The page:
News & Articles
2008-2009, Volume 3
Five Minutes With Francis Guinan
by Steppenwolf Theatre Company
Art marks the third production this season featuring ensemble member Francis Guinan, fresh off his Broadway run in August: Osage County. We caught up with Fran to find out why he passed on the trip to London and set up camp on Halsted.
Once Art closes, you will have been involved with a Steppenwolf production for 26 straight months, starting with The Diary of Anne Frank in April of 2007, correct?
Gosh, I hadn't thought of it that way, but you're quite right. I had a couple weeks off be-tween August: Osage County and Kafka on the Shore. It's been kind of exhausting at times and I haven't seen a lot of my family, but then again it is nice having a job.
I'll say this to anybody who'll stand still for twenty seconds: I'm the luckiest actor in the world. I've been as busy as an actor can be, working with really terrific people, wonderful scripts, and actually making a living at it.
You're in three shows this season alone.
And doing two roles in Art.
How is it exactly that you landed with us instead of going to London with August: Osage County?
Eight months away from home was about three months too many. And while it was a terrific gig, I was ready to come back home. While it would have been wonderful to be in London with August this time of year, and certainly with that group of people, I was looking forward to working with ensemble member Frank Galati on Kafka and ensemble member Randy Arney on The Seafarer. Ensemble members John Mahoney, Ian Barford and I did a production of The Weir with Randy some years ago in Los Angeles. (Oddly enough, Paul O'Connor, who is playing Charlie in London, was in that production of The Weir, as well).
Of the three plays I'm in this season, I think Art is the most difficult one and I was looking forward to wrestling with that script. I've never worked with ensemble member Rick Snyder as a director. We've worked together as actors but he's never directed me. So, as lovely as it would have been to do London, there's a lot to do here.
What is it about Art that you find "difficult," as you say?
The play doesn't seem to take place on the level of the dialogue. The dialogue gives you the plot, but what's going on between the characters is deeply sub-textual. It's what you talk about instead of talking about what you're really feeling. In The Seafarer, it's clear what the characters are thinking and feeling. In Art, it's far more ambiguous, which I think is far more lifelike and really interesting.
Who is your favorite playwright?
Tracy Letts. God, his scripts are so much fun! And oddly enough, you don't get the sense (as you do with playwrights like Tennessee Williams) that there are major characters and minor characters. For example, in Superior Donuts everything had a direct effect on the semi-homeless character, Lady. In a very odd sort of way, the play ends up being about her, as well. And I think that's true of all of Tracy's characters. In August, the play actually is about anybody you care to pick. Everyone has a beginning, middle and an end to their story. That's one of the things I most admire about his writing, besides being heartbreakingly funny.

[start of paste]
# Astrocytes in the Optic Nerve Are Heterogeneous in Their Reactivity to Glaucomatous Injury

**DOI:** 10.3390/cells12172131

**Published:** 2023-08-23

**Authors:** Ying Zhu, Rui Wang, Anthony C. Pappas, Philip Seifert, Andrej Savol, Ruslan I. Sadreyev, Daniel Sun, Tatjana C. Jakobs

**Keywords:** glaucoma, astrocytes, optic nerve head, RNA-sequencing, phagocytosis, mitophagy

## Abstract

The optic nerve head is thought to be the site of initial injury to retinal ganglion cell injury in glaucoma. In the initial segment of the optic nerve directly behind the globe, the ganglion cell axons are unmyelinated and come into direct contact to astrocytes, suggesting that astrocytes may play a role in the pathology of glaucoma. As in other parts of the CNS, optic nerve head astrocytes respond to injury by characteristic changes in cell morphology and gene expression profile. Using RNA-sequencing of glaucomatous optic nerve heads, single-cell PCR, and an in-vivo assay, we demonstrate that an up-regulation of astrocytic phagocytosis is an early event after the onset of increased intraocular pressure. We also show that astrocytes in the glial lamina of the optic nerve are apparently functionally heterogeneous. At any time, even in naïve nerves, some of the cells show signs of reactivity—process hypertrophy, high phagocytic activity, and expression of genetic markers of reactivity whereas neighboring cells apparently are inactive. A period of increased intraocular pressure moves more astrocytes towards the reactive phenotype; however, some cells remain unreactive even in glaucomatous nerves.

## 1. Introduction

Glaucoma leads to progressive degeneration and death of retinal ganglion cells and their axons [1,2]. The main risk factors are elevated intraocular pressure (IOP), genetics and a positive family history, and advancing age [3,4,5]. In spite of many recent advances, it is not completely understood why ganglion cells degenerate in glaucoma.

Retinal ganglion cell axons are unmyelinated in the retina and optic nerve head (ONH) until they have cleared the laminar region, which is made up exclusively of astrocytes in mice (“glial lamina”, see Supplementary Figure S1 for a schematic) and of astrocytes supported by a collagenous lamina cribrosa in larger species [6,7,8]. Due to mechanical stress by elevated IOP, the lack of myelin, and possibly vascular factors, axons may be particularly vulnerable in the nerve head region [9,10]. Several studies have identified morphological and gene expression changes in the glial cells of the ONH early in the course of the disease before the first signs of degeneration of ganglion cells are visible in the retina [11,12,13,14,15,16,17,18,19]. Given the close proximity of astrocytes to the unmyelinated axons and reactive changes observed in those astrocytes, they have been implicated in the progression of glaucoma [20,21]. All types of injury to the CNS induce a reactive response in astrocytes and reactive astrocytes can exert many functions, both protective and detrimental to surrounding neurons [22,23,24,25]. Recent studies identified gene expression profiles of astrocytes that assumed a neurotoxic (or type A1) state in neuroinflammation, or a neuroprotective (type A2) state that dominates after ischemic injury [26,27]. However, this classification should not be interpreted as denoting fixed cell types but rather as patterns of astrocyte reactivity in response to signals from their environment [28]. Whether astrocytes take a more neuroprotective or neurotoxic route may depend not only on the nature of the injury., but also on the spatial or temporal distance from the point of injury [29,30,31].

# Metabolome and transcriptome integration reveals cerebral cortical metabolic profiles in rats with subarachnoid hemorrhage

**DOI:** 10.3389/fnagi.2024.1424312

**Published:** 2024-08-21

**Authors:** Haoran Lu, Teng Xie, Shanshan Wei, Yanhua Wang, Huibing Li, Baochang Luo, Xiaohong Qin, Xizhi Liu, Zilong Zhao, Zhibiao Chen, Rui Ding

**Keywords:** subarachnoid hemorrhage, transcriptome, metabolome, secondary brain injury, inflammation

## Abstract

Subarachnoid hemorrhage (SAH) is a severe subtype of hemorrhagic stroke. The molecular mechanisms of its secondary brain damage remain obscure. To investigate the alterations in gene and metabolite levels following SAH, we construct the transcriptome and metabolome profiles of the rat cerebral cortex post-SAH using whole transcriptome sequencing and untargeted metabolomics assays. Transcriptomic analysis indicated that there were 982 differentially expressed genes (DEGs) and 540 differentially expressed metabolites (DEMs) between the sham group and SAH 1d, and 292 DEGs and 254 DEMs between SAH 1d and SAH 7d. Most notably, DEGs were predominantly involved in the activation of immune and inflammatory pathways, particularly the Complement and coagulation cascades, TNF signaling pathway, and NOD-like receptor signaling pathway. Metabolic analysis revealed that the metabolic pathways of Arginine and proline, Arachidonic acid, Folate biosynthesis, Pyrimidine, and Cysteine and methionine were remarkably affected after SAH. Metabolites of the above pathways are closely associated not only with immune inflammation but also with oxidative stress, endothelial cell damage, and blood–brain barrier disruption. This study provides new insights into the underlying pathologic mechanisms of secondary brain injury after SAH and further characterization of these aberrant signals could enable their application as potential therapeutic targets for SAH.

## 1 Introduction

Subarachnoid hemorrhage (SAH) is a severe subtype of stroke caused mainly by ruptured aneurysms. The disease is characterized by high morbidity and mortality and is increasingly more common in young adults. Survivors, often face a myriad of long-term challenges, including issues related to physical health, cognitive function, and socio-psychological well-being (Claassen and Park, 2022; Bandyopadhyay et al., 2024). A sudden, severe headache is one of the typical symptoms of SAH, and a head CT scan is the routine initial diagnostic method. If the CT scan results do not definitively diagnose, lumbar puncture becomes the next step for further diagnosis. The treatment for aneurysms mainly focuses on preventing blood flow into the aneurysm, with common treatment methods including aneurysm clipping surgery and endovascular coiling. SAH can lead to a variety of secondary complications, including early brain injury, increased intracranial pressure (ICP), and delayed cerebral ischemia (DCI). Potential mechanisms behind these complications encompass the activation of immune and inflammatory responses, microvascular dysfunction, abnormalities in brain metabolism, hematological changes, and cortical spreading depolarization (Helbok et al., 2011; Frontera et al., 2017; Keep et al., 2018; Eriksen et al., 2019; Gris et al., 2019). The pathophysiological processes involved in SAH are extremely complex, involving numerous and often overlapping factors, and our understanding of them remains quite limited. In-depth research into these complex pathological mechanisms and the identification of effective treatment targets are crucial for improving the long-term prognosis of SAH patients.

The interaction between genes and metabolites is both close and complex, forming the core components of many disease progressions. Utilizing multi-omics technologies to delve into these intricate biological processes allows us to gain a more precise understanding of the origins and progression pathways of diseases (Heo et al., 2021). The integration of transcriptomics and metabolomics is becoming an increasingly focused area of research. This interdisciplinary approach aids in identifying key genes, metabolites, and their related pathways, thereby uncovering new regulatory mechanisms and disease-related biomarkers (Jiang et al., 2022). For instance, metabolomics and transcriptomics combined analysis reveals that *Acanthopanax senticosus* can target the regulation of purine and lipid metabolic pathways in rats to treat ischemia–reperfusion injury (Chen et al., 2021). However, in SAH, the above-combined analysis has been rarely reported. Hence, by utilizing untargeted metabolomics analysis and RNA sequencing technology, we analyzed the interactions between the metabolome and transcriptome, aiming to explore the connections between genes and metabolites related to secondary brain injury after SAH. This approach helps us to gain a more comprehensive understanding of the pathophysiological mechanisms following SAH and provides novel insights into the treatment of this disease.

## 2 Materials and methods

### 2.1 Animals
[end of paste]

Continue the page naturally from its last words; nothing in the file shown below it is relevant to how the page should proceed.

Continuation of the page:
Which ensemble member do you most enjoying watching as an audience member?
Oh, God. Boy, that'd be hard to say. Wow. It's difficult to pick anybody out specifically. If you were to hold me hostage and make me pick somebody it would have to be Laurie Met-calf.
We would sit in rehearsals for The Seafarer and exchange stories about Laurie for half an hour. I saw her in a production years ago of And A Nightingale Sang where she played en-semble member Joan Allen's mother. Joanie gives her the news that she's been shacking up with this British solider (played ensemble member by Tom Irwin), and, the night that I saw the show, Laurie tenuously felt her way downstage right until she could grab hold of a chair to sit down. (Tom Irwin said that they used to dare her to do things in that moment. One night they dared her to pretend like her left foot was nailed to the floor, and she spun in a circle).
She is absolutely convincing. The truth of her performance is absolutely undeniable. Darlene in Balm in Gilead. That 25-minute monologue! The intricacies of her mental process would jump from subject to subject. She has that instinctive sense of what's right in a char-acter or what works in a scene, which is coupled with an innate theatricality that goes for the maximum effect. Emotions appear to creep up on her and take her by surprise. And so they take us by surprise as well.
I'd have to say Laurie. But, you know, I could tell stories about every member of the company. I could watch Al Wilder, John Mahoney and Tom Irwin in The Seafarer. They tease things out of the script that are revelatory of the character's interior life and not always things the character would consciously share. It's as if it escapes. That, I would say, is a consistent trait that I find fascinating about every actor in the company: emotions seem to escape. You get a glimpse. There's this glimmer that you might see from a piece of glass shining from the sunlight and it just happens to take place in front of you.
That is consistent with all the actors in the company. They're really quite wonderful.